Stress is everywhere. The topic itself has become rather stressful. Every magazine, whether lifestyle, health or management, features at least one article to help us deal with stress in a better way and, such is the latest fashion, improve our stress resistance.

Building up stress resistance means reducing our stress levels and our general stress vulnerability. Sounds nice, but it is more difficult than buying a bullet-proof vest in the store. The simple fact that the flood of such or similar articles has not decreased shows that the discourse has not yet come to an end and that no one has yet found the magic formula that works for everybody.

A change of perspective can help. If we stop considering stress as something external to us, but as something that is created within and through us. And by changing our perspective on what stress actually is.

The best definition of stress that I have encountered in my studies as a life coach and psychotherapeutic counsellor goes as follows:

“Stress is the subjective perception that our own resources are not enough to cope with a situation.”

This means that not every situation is equally stressful for everybody, and also that every person needs something else (another resource) so that a situation does not become stressful, or to reduce the stress potential of a situation.

Example: I’m in the office, busy with an already packed to-do list, and my boss drops by and without much explanation gives me two more things to do immediately.

Possible reaction: Stress with all its physical and psychological symptoms: palpitations, hypertension, shortness of breath, concentration difficulties, thought blockages, fear of failure, feeling of helplessness and hopelessness and possibly even panic. The reason for this reaction is the fact that I am missing something to cope with this situation. If I had everything I needed, there would not be a stress reaction.

What is missing? Probably time. My program is already full without the two new tasks. From now on I have to hurry which increases the possibility of making mistakes. Despite my best efforts, I may not be able to finish everything today. If my workday has a fixed endpoint because I have to pick up the kids or because I have tickets for the theatre, I have fewer options to extend my time account.

What else is missing? Additional information about the tasks themselves? Do I know all I need to know to handle these tasks? Can I manage them alone, or am I missing something? Do I maybe need data from the accounts department – data I simply don’t have direct access to? If the department is not available, I can’t get the data and the support that I need.

What else? Respect and appreciation? Quite probably. It just doesn’t feel great when my boss so readily ignores and changes my schedule. And … have I had enough sleep, water, food? The importance of our basics, the foundations of our daily life, is often underestimated. If I had all this, this situation would not become stressful, or at least to a significantly lesser degree. I would be much less susceptible to a stress reaction, and would therefore be more stress-resistant.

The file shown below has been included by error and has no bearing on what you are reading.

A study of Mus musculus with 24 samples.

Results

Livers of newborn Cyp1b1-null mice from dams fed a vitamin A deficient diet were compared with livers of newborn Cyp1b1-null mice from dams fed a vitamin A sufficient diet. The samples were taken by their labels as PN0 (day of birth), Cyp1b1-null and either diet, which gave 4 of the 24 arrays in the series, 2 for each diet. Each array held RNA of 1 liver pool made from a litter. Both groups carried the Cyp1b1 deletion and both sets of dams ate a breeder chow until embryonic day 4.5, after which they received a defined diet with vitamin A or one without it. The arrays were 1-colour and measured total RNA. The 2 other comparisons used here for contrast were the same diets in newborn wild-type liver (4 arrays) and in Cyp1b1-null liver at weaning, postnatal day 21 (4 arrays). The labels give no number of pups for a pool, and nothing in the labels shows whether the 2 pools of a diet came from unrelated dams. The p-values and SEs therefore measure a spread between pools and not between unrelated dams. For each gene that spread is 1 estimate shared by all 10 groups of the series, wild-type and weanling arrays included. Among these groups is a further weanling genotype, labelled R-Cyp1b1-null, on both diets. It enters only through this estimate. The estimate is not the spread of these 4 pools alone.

We all know the common stress symptoms (short breath, hypertension, sweat, narrowed ability to think etc.). These are at least very similar for most people. We sometimes forget that we can work with these symptoms (not against them!) and understand them as “messages from us to us”. The answer lies in our ability to broaden our spectrum of resources (eg if I improved my excel skills, I would not get into a stress situation when dealing with numbers). And in our ability to look at our needs when a situation provokes a stress reaction. Often it’s similar situations that are problematic for us. Finding out which patterns exist and which resources improve our ability to act again means improving our resilience.

The simple questions “What is missing / what do I need right now now?” in a situation affected by stress symptoms lead me to the core of my problem and makes me pro-active again. When I am able to point to and name precisely what is missing, I can deal with it. When I am in situation where there is just too much missing, I know I’m dealing with an impossible situation. No matter what, I will not fully master this situation. However, when I realise that I really only miss one or two things or resources (and time is not always the only one), then I can look for it and seek specific help. Even if it seems so, we do not always have to cope with a task on our own. Most of the time there is help and support, we just have to pro-actively seek and ask for it. I do not have to be able to do everything myself, but I need to know how and where I can get help.

By responding to and meeting our needs and by pragmatically developing our own resources we strengthen our stress resistance, i.e. increased protection and decreased vulnerability. The short questions “What is missing? What do I need right now?” sound simple and they are. But used at the right moment, they release tremendous amounts of energy and put us back in the driving seat.

The author, Fabienne Riener, is working in the field of Human Ressources and as aLife Coach.